In recent decades, escalating concerns about the dangers of chemical pesticide use, amid growing demands on global agricultural production, have created a drive toward developing biological methods of pest control. Though often touted as having an environmentally pure record, ecological researchers now believe the apparent absence of environmental problems may reflect more on a shortage of evidence, rather than on a well-documented record of no ill effects.
Peter Kareiva, of the Department of Zoology at the University of Washington and editor of a special feature in the October issue of Ecology, entitled "Contributions of Ecology to Biological Control," explains.
"The rewards from basic biocontrol research have been meager to date, largely because the research is disconnected from its implementation, but also because little attention has been paid to possible ecological risks."
However, with annual expenditures for biological control exceeding $200 million, and an indication that the federal government will encourage more vigorous implementation of biocontrol methods in the future, vast opportunity exists for ecological research to contribute with new efforts, new approaches, and much better science than has previously been used.
Says Kareiva, "In the past, ecologists tended to focus solely on the predator-prey aspect of biological control. Today, however, substantive ecological contributions to biocontrol are likely to focus on a broader array of issues, including the harm that the introduction of non-native predators can cause and the benefits of practicing agriculture in a way that promotes the activities of native predators. In addition, though traditionally viewed as applicable only to terrestrial environments, recent evidence shows that biocontrol also has the potential to become a highly effective solution to some of the recent dramatic pest problems in the marine environment."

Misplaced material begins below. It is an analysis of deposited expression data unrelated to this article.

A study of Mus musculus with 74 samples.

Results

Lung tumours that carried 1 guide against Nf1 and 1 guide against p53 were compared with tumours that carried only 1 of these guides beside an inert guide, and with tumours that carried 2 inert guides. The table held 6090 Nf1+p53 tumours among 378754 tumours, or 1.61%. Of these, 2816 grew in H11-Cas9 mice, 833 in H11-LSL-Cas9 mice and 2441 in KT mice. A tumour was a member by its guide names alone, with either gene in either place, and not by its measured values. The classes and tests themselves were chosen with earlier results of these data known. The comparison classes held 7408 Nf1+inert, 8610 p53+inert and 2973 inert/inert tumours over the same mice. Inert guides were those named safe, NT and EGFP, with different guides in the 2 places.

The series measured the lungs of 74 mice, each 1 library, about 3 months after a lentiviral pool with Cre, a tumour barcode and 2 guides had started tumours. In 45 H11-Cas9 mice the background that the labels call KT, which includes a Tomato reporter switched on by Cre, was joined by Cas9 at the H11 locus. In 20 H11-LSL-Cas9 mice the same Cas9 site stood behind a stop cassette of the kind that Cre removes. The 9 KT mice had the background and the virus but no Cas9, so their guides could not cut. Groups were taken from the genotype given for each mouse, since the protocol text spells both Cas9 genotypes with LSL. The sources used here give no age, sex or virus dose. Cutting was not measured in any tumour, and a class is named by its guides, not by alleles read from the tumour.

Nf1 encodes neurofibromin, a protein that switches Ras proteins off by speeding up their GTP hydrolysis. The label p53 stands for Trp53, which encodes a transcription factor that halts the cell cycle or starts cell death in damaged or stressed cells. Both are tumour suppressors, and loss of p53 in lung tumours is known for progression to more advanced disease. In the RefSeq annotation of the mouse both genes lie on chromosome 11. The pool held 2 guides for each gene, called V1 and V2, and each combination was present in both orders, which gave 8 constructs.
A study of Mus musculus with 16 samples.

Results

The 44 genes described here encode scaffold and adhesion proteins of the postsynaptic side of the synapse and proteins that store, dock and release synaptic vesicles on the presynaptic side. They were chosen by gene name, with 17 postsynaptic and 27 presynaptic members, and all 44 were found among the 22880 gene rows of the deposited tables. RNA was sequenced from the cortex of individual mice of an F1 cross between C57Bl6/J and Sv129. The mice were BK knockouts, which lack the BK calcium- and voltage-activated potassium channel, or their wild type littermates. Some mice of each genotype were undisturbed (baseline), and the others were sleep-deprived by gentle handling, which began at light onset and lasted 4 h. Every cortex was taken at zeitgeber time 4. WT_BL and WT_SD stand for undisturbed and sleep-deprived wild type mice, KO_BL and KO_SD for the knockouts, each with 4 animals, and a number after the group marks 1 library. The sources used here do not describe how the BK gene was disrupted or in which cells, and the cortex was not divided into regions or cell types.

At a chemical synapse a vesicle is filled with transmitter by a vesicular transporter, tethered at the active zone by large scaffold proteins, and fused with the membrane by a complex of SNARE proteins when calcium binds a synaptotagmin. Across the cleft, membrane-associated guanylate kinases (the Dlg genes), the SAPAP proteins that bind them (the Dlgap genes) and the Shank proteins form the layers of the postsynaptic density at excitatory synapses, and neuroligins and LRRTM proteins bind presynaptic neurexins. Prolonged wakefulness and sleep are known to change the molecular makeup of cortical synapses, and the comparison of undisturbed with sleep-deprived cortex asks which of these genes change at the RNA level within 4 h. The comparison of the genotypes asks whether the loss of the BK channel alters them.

For example, promoting an increase in populations of parasitic barnacles may be the best hope for halting the world-wide invasion of the European green crab. After "hitch hiking" its way to the western Atlantic in the early 1900's--most likely with a foreign shipment of commercial marine species--the crab has had a devastating economic effect on shellfish and softshell clam fisheries in New England and Nova Scotia. Though just recently introduced to the coast of central California, West Coast fisheries are likely to suffer similar damage from this non-native species.
Currently, the foremost prospect for controlling the European green crab is a parasitic barnacle which attaches itself to the shell of the crab, eventually infecting its bloodstream. However, researchers stress that, although present evidence suggests the barnacle would be a safe control agent, more research is needed on several fronts, including a determination of how many other marine species would be affected by increasing the barnacle population.
Kareiva believes that in order to practice effective biocontrol in both terrestrial and aquatic environments, the ecological ramifications of biocontrol must be thoroughly researched before being implemented.
Kareiva concludes that, "If the federal government is going to advocate a more serious biological control approach to pest management, we must also ensure that we have a clear understanding of its risks. An emphasis on simply delivering technology, without trying to understand why it sometimes fails and sometimes succeeds, will lead to `hit or miss' pest control with the misses possibly disrupting natural communities far more than they reduce pest populations."